Sunday, October 23, 2005

The Real Beijing

Laure, yesterday, invited us out for tea at a traditional Chinese teahouse. We arrived at Tiananmen West only slightly late due to subway inefficiency (which should take up an entire post by itself). We found our choice of two tea houses outside the west gate of the Forbidden City: one plastered with TEA and COFFEE signs, with four bored waitresses attending eagerly at the door; the other, seemingly closed. We went for the obvious choice, which was in fact open.

We sat down in our own secluded booth, screened from our neighbours (had there been any) by wooden lattice-work. The waitress brought us a tea menu that had been written on a fan. We ordered Longjing Cha - Dragon Well Tea - a famous green tea. After some initial confusion whereupon we were served a plate of deep fried broad beans, we eventually got our platter of pistachios!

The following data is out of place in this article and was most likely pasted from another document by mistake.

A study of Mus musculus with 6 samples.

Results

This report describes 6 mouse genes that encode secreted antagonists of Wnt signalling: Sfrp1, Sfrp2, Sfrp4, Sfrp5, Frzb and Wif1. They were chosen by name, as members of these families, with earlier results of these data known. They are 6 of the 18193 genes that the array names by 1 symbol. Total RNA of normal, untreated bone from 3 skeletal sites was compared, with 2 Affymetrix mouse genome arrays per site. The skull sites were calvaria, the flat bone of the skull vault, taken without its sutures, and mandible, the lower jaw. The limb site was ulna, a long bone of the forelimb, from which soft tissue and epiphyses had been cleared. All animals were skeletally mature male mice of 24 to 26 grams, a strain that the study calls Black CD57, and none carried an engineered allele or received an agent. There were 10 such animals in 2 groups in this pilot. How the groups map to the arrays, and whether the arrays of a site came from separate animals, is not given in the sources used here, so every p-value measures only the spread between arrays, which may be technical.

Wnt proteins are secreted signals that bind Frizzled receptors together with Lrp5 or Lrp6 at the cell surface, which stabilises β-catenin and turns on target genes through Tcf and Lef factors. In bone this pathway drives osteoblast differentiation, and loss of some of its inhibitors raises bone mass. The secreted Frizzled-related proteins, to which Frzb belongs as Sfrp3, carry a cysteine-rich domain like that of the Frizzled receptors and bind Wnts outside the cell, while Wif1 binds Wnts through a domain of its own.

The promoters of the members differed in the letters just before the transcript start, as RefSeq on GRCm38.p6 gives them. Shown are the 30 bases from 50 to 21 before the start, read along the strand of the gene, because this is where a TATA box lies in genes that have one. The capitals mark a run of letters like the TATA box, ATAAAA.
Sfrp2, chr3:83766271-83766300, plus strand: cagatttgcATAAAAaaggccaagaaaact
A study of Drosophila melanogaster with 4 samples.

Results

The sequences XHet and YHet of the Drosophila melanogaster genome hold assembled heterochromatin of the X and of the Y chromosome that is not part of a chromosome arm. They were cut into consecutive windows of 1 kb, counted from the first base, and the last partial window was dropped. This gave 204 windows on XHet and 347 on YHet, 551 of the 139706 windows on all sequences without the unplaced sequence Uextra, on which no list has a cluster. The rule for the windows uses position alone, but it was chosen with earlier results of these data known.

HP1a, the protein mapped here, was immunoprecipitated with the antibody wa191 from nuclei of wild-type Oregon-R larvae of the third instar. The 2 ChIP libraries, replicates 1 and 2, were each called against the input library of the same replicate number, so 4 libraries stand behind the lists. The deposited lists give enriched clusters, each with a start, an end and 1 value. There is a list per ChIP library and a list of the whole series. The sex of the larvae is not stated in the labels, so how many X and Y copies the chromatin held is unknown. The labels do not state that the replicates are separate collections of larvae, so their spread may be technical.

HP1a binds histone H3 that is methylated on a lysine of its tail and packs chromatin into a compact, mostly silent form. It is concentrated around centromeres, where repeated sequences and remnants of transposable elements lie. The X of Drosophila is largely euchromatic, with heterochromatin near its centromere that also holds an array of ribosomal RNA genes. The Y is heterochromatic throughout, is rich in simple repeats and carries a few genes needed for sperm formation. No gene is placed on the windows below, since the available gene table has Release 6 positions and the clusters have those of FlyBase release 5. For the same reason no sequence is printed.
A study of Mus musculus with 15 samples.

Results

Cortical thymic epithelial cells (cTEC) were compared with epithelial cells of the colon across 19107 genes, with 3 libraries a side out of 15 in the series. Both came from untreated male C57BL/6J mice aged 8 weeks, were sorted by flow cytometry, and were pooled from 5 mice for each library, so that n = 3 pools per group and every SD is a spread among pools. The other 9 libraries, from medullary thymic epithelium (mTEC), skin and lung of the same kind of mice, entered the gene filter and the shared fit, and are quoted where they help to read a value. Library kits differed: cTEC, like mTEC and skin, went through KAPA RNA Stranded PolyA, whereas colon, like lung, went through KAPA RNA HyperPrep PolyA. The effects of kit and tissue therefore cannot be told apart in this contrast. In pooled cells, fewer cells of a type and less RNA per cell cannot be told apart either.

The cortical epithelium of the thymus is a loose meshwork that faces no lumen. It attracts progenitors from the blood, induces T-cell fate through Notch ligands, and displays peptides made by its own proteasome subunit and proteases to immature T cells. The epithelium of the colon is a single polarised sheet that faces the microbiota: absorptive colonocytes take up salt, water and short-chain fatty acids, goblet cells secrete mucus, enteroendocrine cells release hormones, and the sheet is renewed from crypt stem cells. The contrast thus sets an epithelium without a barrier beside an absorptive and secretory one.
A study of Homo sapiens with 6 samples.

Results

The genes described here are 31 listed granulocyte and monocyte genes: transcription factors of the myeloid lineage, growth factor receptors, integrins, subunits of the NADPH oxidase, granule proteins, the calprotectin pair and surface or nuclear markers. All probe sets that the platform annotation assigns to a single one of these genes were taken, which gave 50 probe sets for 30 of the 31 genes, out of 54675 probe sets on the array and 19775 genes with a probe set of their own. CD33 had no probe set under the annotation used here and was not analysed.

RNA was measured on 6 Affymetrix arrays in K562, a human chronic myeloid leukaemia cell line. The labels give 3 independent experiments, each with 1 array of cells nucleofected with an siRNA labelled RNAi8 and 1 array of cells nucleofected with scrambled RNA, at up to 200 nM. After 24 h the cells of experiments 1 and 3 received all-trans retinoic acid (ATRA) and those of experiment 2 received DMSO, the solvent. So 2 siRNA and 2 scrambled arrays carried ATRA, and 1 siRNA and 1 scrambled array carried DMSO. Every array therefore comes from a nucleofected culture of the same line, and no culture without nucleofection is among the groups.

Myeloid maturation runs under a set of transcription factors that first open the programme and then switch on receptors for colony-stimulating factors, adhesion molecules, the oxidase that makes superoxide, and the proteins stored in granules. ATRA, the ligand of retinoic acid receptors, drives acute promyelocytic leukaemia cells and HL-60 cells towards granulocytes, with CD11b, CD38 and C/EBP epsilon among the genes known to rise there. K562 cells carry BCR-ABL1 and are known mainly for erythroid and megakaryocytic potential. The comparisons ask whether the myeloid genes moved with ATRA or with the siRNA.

Laure remarked about how she felt that she was experiencing the real China, which got us talking. What is the real China? The China that tourists expect waned long ago, or more likely never existed. There may not be a single authentic teahouse left in all of Beijing, a city once famed for its teahouses, where they fulfilled a social function similar to that of a pub. The teahouses you can find today are either over-the-top stark and modern destinations for the nouveaux riches, or twee antiquified places that exist to siphon money from tourists' pockets.

What are we looking for in the real Beijing? Imperial palaces (complete with emperors); whimsical gardens; kungfu experts demonstrating their talents on the street; teahouses filled with businessmen and mah-jong players; pedlars hawking their wares from bamboo shoulder-poles; city walls and gates; temples shrouded in incense smoke; thriving hutong communities; millions of bicycles at rush hour; men in Mao jackets (which are here called Sun Yat-sen jackets) - none of these exist. So why do we keep looking for them?